Rethinking the World Cup

Are you excited about the World Cup? No, not that one. This is a track blog. I mean the IAAF World Cup. No? Not all geeked up? Well, that's you and six billion other people.

I guess these days they call it the Continental Cup. It used to be a weird hybrid of three national teams and all-star teams from five continents. Now it's just teams from four continents, and no one seems to care about it. When the press frets over various stars saying they'll skip the Commonwealth Games, it doesn't even merit a mention that they're highly unlikely to compete in the Continents Cup.

The IAAF first came up with this in 1977, and it was decently popular for an iteration or two. But that predated the World Championships, which has effectively made this competition a pointless off-year exercise. The IAAF still wants to put on some kind of global team-oriented competition, but goes about it the wrong way.

FIFA's World Cup, on the other hand, is the single most-popular sporting event on the planet (provided that you accept the Summer Olympics as a collection of many sporting events). This is tightly tied to national pride, but not the kind we know of here in the USA. Only 16% of FIFA's member nations even qualify, of which maybe a quarter have any real hope of winning the thing. For small nations, just seeing their countrymen compete on the biggest stage is a thrill in itself. This is where the IAAF World Cup fails, because there never were any small nations competing (and now there aren't any national teams at all). This is not to say we can't have meaningful team competition in track in which small countries have a fighting chance against bigger ones. It just has to be different, and we need not reinvent the wheel.

Rather than the dismal failure of a meet we've got, let's instead look at a wild success, the single best-attended annual track meet on the planet: the Penn Relays. What if we replaced the Continents Cup with a two-day national team relay carnival? I can tell you right now, I'd be enthralled.

In the usual lineup of American relays (4x100, 4x200, 4x400, 4x800, 4x1500, sprint and distance medleys, shuttle hurdles) a field of eight teams in each could be selected. This would give a wide variety of nations the ability to be represented. Dozens of different countries would have their moment on the track, competing in true team competition.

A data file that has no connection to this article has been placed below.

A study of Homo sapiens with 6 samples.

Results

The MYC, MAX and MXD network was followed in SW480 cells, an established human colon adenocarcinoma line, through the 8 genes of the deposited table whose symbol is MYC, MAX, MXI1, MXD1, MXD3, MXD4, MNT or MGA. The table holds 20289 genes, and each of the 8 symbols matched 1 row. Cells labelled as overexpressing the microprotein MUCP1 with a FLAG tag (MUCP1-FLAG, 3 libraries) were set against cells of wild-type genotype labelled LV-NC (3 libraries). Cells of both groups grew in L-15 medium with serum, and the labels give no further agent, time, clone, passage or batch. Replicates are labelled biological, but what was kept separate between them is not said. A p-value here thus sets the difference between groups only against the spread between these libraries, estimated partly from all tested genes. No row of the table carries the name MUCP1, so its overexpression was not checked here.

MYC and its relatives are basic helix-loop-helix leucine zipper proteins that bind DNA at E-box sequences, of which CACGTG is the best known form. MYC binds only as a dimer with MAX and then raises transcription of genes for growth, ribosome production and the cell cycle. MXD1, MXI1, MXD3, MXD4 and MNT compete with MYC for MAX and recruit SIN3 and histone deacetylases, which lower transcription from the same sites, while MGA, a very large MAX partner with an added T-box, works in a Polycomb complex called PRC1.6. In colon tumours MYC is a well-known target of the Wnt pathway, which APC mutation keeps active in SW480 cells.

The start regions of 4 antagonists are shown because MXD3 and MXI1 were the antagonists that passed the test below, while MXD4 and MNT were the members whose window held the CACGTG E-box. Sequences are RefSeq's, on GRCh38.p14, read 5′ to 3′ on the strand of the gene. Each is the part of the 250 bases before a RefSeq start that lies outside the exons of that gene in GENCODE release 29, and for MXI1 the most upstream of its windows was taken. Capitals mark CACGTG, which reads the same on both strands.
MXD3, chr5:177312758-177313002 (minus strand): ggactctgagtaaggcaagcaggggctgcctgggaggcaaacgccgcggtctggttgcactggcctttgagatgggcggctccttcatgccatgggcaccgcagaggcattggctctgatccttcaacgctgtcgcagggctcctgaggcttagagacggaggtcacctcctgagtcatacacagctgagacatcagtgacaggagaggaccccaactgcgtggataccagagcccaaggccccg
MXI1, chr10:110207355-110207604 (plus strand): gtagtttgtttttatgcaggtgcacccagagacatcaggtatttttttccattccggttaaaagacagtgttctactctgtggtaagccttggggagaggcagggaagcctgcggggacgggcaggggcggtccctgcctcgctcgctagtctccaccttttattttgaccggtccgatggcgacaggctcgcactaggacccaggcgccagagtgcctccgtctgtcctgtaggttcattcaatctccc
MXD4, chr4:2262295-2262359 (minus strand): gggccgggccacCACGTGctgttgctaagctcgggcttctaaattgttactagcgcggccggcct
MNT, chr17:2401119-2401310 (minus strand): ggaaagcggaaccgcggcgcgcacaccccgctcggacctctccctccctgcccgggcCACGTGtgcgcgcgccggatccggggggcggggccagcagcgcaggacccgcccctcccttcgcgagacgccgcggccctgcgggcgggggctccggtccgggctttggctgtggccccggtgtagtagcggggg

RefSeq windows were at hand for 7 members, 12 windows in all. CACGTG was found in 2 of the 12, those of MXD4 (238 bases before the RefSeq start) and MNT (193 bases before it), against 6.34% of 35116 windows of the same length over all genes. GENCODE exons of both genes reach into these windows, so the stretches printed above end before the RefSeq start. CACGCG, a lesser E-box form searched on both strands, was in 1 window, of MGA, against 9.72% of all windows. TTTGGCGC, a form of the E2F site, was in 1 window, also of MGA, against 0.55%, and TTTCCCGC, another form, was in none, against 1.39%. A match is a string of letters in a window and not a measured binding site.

In the men's sprint medley, for example, I would imagine the invited teams would be Brazil, Cuba, Great Britain, Kenya, Russia, South Africa, Sudan, and the USA (provided all their stars could be brought on board). Great half-milers like David Rudisha, Abubaker Kaki and Mbulaeni Mulaudzi would be spotted huge deficits and have to run near all-out for the medals. The USA would doubtlessly give Nick Symmonds the lead and, for once, he'd play the role of the hunted rather than the hunter. It would be fantastically entertaining. And that's just this one relay. Imagine a Kenya-Ethiopia-USA battle in the women's 4x1500, or seeing Usain Bolt really unwind in the 4x200.

I'd add another dimension by including field events. Team competition in field events is rather common in high schools (around here at least), where each team gets three athletes and marks are totaled. In the men's javelin we could see a spirited competition between the Czechs, Finns, Latvians, Russians, Ukrainians, Greeks and Americans. Split the field into three flights, with one athlete from each nation, and the final-round stars would have to struggle for every last centimeter to put their team onto the medal stand.

Another idea would be to have an ekiden (road race relay) in the morning of each day, which could easily accomodate more than just eight national teams. The local population could be involved by having a 5k or 10k race that same morning, finishing at the stadium, so that the post-race party would have the ekiden on the stadium's video screen and participants could watch the finish on the track. If it were planned well, the early portion of the ekiden could share the road with the late part of the "people's race" for some small distance so that ordinary road runners could get an idea of just how fast the pros are.

Besides being a very interesting competition, it would be a significantly smaller operation than the rest of the IAAF's World Series events.  It could be held in places that might otherwise never be able to host a big international championship.  Like, say, the USA.  It would be a very big deal in New York, and in Eugene it would be bigger than the Pope and the Queen of England and Elvis all rolled into one.

I don't think the question is whether or not you'd pay to see a meet like this, but how much you'd pay and how far you'd travel.  I'm not sure I'm going to watch the Continents Cup even if any coverage is live and free.  Relays are where it's at, the kind of thing that even gets casual fans fired up.